CML Pre-Release Notes: Automatically Train Models in the Cloud with CML 0.3.0

New features are here to make launching cloud compute for continuous integration workflows shorter, sweeter and easier than ever. Plus, a new GitHub Action to setup CML means more ways to use CML without our Docker container.

  • Elle O'Brien
  • February 22, 20214 min read

Today, we're pre-releasing some new features in Continuous Machine Learning, or CML—our open source project to adapt popular continuous integration (CI) systems like GitHub Actions and GitLab CI for data science. CML has become a popular tool for auto-generating ML model reports right in a GitHub Pull Request and orchestrating resources for training models in the cloud.

Here's what's in today's pre-release:

Brand new method to provision cloud compute for your CI workflows

After the initial CML release, we found ways to significantly simplify the process of allocating resources in CI/CD. We developed a brand new CML command cml-runner that hides much of the complexity of configuring and provisioning an instance, keeping your workflows free of bash scripting clutter (until the official release, docs are in development here). The new approach uses Terraform provider under the hood instead of Docker Machine, as in the first version.

Check out this example workflow to launch an EC2 instance from a GitHub Action workflow and then train a model. We hope you'll agree it's shorter, sweeter, and more powerful than ever!

name: 'Train in the cloud'
on: [push]

jobs:
  deploy-runner:
    runs-on: [ubuntu-latest]
    steps:
      - uses: iterative/setup-cml@v1
      - uses: actions/checkout@v2
      - name: deploy
        shell: bash
        env:
          repo_token: ${{ secrets.PERSONAL_ACCESS_TOKEN }}
          AWS_ACCESS_KEY_ID: ${{ secrets.AWS_ACCESS_KEY_ID }}
          AWS_SECRET_ACCESS_KEY: ${{ secrets.AWS_SECRET_ACCESS_KEY }}
        run: |
          cml-runner \
          --cloud aws \
          --cloud-region us-west \
          --cloud-type=t2.micro \
          --labels=cml-runner
  train-model:
    needs: deploy-runner
    runs-on: [self-hosted, cml-runner]
    steps:
      - uses: actions/checkout@v2
      - uses: actions/setup-python@v2
        with:
          python-version: '3.x'
      - name: 'Train my model'
        run: |
          pip install -r requirements.txt
          python train.py

If you use CML functions in the train-model step, you can go even further and get a closed loop—sending model training results from the EC2 instance to your pull request or merge request! For example, if we expand the train-model step to incorporate functions like cml-publish and cml-send-comment:

train-model:
  needs: deploy-runner
  runs-on: [self-hosted, cml-runner]
  container: docker://dvcorg/cml
  steps:
    - uses: actions/checkout@v2
    - uses: actions/setup-python@v2
      with:
        python-version: '3.x'
    - name: 'Train a model'
      env:
        repo_token: ${{ secrets.PERSONAL_ACCESS_TOKEN }}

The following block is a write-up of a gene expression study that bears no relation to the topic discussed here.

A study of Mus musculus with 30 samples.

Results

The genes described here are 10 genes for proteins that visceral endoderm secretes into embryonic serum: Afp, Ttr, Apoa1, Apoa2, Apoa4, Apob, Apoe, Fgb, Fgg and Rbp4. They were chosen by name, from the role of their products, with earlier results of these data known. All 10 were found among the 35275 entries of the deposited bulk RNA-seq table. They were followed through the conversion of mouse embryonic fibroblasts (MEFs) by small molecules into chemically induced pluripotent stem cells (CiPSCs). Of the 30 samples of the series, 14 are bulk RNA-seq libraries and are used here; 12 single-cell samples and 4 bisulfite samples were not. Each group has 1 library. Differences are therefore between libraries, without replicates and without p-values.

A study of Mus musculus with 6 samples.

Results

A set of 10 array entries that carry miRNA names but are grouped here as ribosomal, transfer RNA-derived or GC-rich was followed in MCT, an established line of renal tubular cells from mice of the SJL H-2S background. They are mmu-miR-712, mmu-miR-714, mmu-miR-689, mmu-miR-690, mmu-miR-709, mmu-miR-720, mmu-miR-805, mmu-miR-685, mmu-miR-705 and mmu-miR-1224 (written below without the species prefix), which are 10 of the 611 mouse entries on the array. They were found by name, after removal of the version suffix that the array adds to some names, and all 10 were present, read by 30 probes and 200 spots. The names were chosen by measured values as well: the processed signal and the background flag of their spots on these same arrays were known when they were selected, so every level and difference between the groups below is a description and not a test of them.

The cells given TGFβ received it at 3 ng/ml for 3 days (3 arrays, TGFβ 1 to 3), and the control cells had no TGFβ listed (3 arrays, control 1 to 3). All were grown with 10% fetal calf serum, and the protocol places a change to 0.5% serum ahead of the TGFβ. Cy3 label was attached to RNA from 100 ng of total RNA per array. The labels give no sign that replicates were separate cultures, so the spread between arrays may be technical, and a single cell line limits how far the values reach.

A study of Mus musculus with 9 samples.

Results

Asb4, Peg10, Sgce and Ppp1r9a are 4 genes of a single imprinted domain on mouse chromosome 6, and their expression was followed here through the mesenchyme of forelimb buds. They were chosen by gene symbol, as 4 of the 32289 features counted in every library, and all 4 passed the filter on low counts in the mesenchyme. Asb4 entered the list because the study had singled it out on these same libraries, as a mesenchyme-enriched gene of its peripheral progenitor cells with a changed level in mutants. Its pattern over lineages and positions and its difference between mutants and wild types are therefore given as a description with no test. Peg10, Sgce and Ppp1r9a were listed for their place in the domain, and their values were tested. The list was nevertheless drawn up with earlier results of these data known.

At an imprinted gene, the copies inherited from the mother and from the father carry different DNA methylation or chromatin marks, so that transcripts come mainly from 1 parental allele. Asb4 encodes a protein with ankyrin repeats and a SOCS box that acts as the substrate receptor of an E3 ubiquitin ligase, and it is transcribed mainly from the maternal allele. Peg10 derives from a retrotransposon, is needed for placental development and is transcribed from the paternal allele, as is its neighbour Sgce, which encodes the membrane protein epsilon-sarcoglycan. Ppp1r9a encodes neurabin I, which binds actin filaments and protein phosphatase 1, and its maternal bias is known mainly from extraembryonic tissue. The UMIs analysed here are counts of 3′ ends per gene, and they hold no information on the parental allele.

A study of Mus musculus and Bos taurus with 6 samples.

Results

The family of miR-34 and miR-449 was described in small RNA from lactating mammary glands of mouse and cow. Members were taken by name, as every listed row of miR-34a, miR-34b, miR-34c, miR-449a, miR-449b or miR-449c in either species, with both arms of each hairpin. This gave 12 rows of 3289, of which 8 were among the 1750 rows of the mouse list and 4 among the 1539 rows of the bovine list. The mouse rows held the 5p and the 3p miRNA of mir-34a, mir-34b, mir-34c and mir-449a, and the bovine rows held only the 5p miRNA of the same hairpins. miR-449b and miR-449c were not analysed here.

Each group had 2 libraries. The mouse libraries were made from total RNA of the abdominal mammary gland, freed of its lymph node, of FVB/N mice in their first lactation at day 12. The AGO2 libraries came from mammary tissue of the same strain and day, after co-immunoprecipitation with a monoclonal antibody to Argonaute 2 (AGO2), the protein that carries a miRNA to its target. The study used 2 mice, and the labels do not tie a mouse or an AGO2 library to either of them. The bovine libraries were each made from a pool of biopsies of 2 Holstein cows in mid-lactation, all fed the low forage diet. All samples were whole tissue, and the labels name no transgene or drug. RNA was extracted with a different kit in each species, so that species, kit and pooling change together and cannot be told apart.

run: |
        pip install -r requirements.txt
        python train.py

        echo "## Report from your EC2 Instance" > report.md
        cat metrics.txt >> report.md
        cml-publish "confusion_matrix.png" --md >> report.md
        cml-send-comment report.md

You'll get a pull request that looks something like this:

sample pr

All the code to replicate this example is up on a brand new demo repository.

Our favorite details

The new cml-runner function lets you turn on instances, including GPU, high-memory and spot instances, and kick off a new workflow using the hardware and environment of your choice—and of course, it'll turn off those instances after a configurable timeout! In the first CML release, this took more than 30 lines of code to configure. Now it's just one function.

Another highlight: you can use whatever Docker container you'd like on your instance. In the above example, we use our custom CML Docker container (because we like it!)—but you certainly don't have to! Whatever image you choose, we highly recommend containerizing your environment for ultimate reproducibility and security with CML.

You can also use the new cml-runner function to set up a local self-hosted runner. On your local machine or on-premise GPU cluster, you'll install CML as a package and then run:

$ cml-runner \
    --repo $your_project_repository_url \
    --token=$personal_access_token \
    --labels tf \
    --idle-timeout 180

Now your machine will be listening for workflows from your project repository.

A New GitHub Action

One more thing: you might've noticed in our example workflow above that there's a new CML GitHub Action! The new Action helps you setup CML, giving you one more way to mix and match the CML suite of functions with your preferred environment.

The new Action is designed to be a straightforward, all-in-one install that gives you immediate use of functions like cml-publish and cml-runner. You'll add this step to your workflow:

steps:
  - uses: actions/checkout@v2
  - uses: iterative/cml-action@v1

More details are in the docs!

Get ready for the release

We're inviting our community members to explore these new features in anticipation of our upcoming, official release. As always, feedback is welcome by opening an issue on the CML GitHub repository, as a comment here or via our Discord channel. We're excited to hear what you think!